War Stories

If Kim Can’t Get What He Wants From Trump, He’ll Try Putin

The North Korean leader is looking very adept at playing bigger powers against each other.

Vladimir Putin, Kim Jong-un, and Donald Trump.
Vladimir Putin, Kim Jong-un, and Donald Trump.
Photo illustration by Slate. Photos by Alexey Druzhinin, Saul Loeb, and Adam Bettcher/AFP/Getty Images.

Once again North Korean leader Kim Jong-un is showing himself an adept strategist in multidimensional chess, while President Donald Trump and his aides don’t know they’re being played.

Kim’s latest gambit is a trip this week across the border, to the Russian port city of Vladivostok, where he’ll hold his first meeting ever with Vladimir Putin—the first time that any North Korean and Russian leader have spoken face to face since 2011.

Coming in the wake of the disastrous Kim-Trump summit in Hanoi, Vietnam, two months ago, the meeting seems to be a showpiece for four audiences.

First, Kim means to show his own people (especially members of the ruling elite) that, despite what happened in Hanoi, their dear leader is a respected global figure and his regime a peer to the world’s major powers.

Second, he means to show Trump that he’s courting other diplomatic partners in his quest for security.

Third, he’s inviting Putin—who is always eager to demonstrate his global reach—to reestablish an alliance that dwindled away decades ago, just after the Cold War, during Russia’s decline and China’s surge.

Finally, he’s showing Chinese President Xi Jinping that North Korea could be a junior partner in the budding Moscow-Beijing entente, as an alternative to his dalliance with Washington. Or, to the extent there are still tensions between these two large neighbors, he may be exploiting those tensions for his own benefit.

Kim Il-sung, the founder of the North Korean state and Kim Jong-un’s grandfather, once characterized the tiny, impoverished nation as “a shrimp among whales” and devised a strategy to survive by playing the whales—Russia, China, Japan, South Korea, and the United States—off one another. The current Kim seems to have studied the family handbook well.

Meanwhile, Trump is doing nothing to find a lane in this game. In fact, he’s abandoning it, thinking that his great friendship with Kim is all that counts. Trump’s stated policy is to sway or compel North Korea to dismantle its nuclear arsenal. Putin and Xi would like to see that happen, too: Like his Soviet predecessors, Putin is nervous when any nearby country—whether ally or rival—has nuclear weapons, and even though China is a vital lifeline to North Korea, Xi doesn’t much trust Kim with his finger on the button either.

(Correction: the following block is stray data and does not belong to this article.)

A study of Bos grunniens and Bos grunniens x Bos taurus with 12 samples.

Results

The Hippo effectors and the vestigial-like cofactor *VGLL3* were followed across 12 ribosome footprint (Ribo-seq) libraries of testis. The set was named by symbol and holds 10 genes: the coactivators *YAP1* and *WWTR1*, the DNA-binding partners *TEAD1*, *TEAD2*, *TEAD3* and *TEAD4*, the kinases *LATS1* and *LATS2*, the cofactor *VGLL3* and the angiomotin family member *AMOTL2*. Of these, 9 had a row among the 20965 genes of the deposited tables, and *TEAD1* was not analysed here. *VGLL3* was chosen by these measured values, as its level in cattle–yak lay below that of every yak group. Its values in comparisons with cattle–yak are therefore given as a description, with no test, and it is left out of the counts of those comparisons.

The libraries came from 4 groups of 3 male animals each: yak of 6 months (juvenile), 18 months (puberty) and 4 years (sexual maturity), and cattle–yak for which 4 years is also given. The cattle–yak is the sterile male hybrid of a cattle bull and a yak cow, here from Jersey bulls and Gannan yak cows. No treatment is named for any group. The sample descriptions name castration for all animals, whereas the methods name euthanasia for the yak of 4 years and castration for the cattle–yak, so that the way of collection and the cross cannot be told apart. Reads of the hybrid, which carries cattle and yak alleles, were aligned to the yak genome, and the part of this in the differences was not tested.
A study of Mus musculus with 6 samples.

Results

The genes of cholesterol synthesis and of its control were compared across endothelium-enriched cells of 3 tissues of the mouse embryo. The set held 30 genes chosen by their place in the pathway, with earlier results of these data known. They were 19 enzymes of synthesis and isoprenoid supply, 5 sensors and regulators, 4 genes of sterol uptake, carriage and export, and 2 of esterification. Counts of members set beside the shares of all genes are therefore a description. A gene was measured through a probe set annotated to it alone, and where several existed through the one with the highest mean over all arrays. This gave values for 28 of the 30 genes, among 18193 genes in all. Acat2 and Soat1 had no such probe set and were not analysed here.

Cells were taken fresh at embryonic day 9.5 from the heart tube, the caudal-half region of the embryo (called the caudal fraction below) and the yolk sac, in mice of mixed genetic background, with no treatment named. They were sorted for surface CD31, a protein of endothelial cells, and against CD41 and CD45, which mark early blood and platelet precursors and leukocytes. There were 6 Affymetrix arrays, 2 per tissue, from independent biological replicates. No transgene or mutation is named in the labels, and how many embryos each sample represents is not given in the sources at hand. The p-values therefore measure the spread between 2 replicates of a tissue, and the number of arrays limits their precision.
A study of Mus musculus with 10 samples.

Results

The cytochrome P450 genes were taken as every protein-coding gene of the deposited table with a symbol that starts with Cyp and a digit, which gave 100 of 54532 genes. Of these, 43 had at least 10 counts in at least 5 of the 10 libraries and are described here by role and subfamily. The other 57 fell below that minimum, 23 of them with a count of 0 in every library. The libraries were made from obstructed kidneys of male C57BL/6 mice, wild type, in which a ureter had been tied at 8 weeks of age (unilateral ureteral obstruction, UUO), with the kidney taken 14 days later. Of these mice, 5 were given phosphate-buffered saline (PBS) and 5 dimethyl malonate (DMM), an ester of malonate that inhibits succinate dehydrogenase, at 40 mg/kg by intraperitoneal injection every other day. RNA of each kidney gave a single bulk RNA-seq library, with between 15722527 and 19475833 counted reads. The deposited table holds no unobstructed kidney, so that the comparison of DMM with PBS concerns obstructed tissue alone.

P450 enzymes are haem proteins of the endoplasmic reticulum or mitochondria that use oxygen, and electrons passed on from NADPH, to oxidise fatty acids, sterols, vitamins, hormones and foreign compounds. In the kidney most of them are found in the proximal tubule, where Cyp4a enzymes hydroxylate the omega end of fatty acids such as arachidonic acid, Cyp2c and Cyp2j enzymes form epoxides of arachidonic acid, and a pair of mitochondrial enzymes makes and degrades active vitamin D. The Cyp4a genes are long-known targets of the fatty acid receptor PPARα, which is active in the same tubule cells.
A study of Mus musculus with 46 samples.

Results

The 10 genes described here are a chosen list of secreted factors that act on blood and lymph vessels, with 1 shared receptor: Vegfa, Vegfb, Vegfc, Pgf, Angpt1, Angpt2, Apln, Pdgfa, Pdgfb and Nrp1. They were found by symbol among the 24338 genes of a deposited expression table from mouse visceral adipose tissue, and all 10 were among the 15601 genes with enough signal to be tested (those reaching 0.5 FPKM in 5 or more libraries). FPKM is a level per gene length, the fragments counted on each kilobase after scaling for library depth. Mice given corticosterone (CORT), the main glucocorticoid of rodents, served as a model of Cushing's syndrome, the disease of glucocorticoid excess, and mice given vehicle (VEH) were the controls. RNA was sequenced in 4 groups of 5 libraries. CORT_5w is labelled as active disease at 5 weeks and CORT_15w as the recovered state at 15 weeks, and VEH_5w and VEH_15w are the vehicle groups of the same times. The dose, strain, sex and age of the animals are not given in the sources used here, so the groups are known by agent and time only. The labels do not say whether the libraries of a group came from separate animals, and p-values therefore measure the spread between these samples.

In ordinary times, an American president would form an alliance of convenience—even if just a single-issue alliance—with Russia and China to exert joint pressure on North Korea. But these are not ordinary times. Despite Trump’s fondness for Putin and Putin’s role in putting him in office, U.S.-Russia tensions are as sharp as they’ve been since the Cold War. And Trump is going out of his way to aggravate tensions with China. On Monday, Secretary of State Mike Pompeo announced that the U.S. would remove the waiver allowing China, along with seven other countries, to import oil from Iran without triggering U.S. sanctions. Since Iran is a major supplier of Chinese oil, and since Washington and Beijing are already embroiled in tense trade talks inflamed by Trump’s tariffs, Xi is in no mood to do Trump any favors.

It’s not clear what tangible benefits Kim might take away from his meeting with Putin. Neither has much to offer the other. One notable exception: Kim’s regime gets some hard currency from the 40,000 North Koreans who work in Russian enterprises and send their pay home. Under U.N. sanctions, which Russia approved, these workers have to go back to North Korea by the end of the year. Kim will probably ask Putin to ignore the dictum. It’s unlikely that Putin will risk violating a Security Council resolution, short of some extraordinary deal far beyond Kim’s capacity.

In short, the meeting may be mainly for show. But since much of the region’s great game has involved show—demonstrations of force, volleys of harsh rhetoric, repeated rounds of bluff and bluster amid an atmosphere of “drama and catastrophe”—festive shows can have consequences.

Another way that Trump could exert some control over this game is to engage in an arms-control forum that has the slightest chance of success. This could be bilateral talks with North Korea or a multilateral forum—such as the six-party talks in the 2000s—involving all the regional powers. Russia and China prefer that set up, and it could reduce tensions all around. But regardless of the forum, Trump has done nothing. Prodded by Pompeo and National Security Adviser John Bolton, who don’t really want a deal with North Korea, he has put just one offer on the table—a grand bargain in which Kim surrenders all of his nuclear materials (and, in the Hanoi variant of this, his chemical weapons and missiles as well), after which Trump lifts all sanctions. Kim has always insisted on phased, step-by-step measures—which might not lead anywhere either, but which could at least keep the peace and sustain North Korea’s moratorium on nuclear and missile testing.

In the meantime, it’s instructive to watch Kim masterfully running the family plays and sad to see Trump smiling but unaware that he’s getting pushed to the sidelines.